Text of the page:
Are you (user) experienced?
So we’re beginning to wireframe the kiosk interfaces for Social Interpretation. Tom has sketched them, Claire has braved the public on gallery to see if they ‘get ‘ them and now our designer, Christian gets to make the whole thing look nice and work as a good user interface should – without users having to think too much about anything but the content and what they want to do with it.
Alongside the front-end work, user flows (mapping out what people are going to be able to do on the kiosks) have been drawn. They in turn feed the kiosk developers’ needs (hello to Ben) so he can build all the possible actions and interactions. Hopefully making sure in the process our end users (the public) don’t ever get stuck, lost or just can’t do anything on the kiosks. As that is when they walk away muttering in frustration or disgust, or both.
Soon the mobile application part of SI will come up the Gannt chart to greet us. Tom has brain-dumped a horrific looking user flow for this. It looks too big for an application on such a little thing as a smart phone, really. But it’s not a simple, simple thing, making an application that allows users to do social things with collections objects. It needs careful thought about what primary tasks we want people to do, what tasks people will actually want to do, where people will want to share what they do (Twitter, Facebook) and what people will be able to do with what they have (comment, like, dislike, collect).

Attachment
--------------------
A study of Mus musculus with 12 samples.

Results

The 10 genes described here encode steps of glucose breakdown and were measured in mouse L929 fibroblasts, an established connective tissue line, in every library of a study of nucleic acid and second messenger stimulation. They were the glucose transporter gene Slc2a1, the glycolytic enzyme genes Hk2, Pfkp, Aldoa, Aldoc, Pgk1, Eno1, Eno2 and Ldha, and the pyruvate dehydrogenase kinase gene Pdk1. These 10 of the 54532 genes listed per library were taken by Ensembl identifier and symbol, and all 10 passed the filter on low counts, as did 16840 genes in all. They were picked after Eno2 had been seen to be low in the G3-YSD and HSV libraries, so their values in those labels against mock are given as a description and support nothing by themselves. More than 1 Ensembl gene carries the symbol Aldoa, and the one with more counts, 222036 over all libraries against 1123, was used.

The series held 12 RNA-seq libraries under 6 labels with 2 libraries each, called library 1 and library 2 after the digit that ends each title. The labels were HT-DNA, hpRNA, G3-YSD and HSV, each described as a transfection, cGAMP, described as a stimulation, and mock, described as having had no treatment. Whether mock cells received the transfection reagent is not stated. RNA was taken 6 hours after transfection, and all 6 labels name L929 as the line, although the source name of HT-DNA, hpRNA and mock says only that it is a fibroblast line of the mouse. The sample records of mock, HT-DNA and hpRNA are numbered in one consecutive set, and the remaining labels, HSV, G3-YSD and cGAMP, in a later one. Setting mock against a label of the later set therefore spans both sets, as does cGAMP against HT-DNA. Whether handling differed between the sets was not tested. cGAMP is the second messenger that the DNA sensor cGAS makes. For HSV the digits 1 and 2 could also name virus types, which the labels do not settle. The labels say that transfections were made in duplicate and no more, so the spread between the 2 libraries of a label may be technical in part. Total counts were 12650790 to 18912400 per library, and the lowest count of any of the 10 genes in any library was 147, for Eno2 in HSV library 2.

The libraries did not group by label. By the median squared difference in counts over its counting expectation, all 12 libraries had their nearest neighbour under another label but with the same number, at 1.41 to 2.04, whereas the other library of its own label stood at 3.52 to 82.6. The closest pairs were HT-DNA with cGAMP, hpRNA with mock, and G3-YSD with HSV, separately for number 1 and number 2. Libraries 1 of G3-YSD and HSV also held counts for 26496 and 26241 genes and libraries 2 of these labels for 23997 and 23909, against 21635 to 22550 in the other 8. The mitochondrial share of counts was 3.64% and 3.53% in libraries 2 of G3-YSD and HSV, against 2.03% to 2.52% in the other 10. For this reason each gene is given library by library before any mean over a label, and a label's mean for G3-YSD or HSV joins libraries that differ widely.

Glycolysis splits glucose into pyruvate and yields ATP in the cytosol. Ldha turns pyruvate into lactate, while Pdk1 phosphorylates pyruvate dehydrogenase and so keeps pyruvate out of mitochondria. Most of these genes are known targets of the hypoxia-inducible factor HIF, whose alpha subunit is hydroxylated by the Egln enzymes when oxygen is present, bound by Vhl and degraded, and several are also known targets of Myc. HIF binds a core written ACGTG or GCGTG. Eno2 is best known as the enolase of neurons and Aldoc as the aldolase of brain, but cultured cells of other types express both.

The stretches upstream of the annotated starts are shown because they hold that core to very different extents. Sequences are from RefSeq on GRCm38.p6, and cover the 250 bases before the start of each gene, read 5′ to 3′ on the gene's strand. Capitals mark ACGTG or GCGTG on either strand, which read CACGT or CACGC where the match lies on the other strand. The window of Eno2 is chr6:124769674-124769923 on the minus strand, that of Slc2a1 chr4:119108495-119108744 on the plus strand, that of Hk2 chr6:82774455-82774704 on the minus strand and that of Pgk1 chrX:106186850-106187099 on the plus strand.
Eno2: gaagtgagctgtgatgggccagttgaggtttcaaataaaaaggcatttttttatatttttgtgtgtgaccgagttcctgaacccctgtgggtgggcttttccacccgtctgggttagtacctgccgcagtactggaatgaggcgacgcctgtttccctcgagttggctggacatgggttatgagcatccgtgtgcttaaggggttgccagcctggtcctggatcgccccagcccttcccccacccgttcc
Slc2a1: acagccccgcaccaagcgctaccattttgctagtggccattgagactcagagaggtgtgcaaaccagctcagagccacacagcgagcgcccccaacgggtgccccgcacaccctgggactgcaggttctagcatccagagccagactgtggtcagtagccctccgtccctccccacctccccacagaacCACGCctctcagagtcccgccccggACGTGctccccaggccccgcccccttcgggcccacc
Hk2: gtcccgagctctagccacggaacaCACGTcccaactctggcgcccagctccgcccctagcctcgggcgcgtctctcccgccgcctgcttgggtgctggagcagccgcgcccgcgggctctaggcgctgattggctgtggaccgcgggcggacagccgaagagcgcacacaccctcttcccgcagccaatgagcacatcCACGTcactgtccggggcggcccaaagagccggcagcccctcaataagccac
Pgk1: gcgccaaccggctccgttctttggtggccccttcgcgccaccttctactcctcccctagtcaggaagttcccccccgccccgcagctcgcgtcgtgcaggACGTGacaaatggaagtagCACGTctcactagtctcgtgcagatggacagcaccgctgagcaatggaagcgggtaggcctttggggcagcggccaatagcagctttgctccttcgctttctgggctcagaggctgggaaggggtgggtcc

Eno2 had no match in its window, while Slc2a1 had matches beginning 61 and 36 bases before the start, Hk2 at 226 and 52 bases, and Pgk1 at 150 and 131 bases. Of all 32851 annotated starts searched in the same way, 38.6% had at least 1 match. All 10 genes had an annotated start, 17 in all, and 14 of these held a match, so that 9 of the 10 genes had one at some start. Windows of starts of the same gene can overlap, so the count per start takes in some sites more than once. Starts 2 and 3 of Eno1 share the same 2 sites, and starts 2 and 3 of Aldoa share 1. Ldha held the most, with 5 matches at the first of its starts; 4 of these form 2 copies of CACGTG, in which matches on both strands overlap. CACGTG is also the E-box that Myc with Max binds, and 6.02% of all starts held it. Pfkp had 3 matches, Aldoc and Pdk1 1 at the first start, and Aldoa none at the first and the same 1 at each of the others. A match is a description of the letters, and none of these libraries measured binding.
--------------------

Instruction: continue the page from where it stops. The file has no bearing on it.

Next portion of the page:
In terms of designing the mobile application for SI, how we judge what is too little or too much to see on screen at any one time is crucial. After you have sorted your little matter of content, mobile applications are all about good interface design. Some of this we can cover off with sketched wireframes, let loose via Claire on the public. But as much of the success of a mobile application is actually about using the phone and its touch screen, we’ll need to test iterations of the actual app build too. Because if a tap, swoosh or slide is not obvious to the user, then we have, as it were, hidden our content light under a badly designed bushel.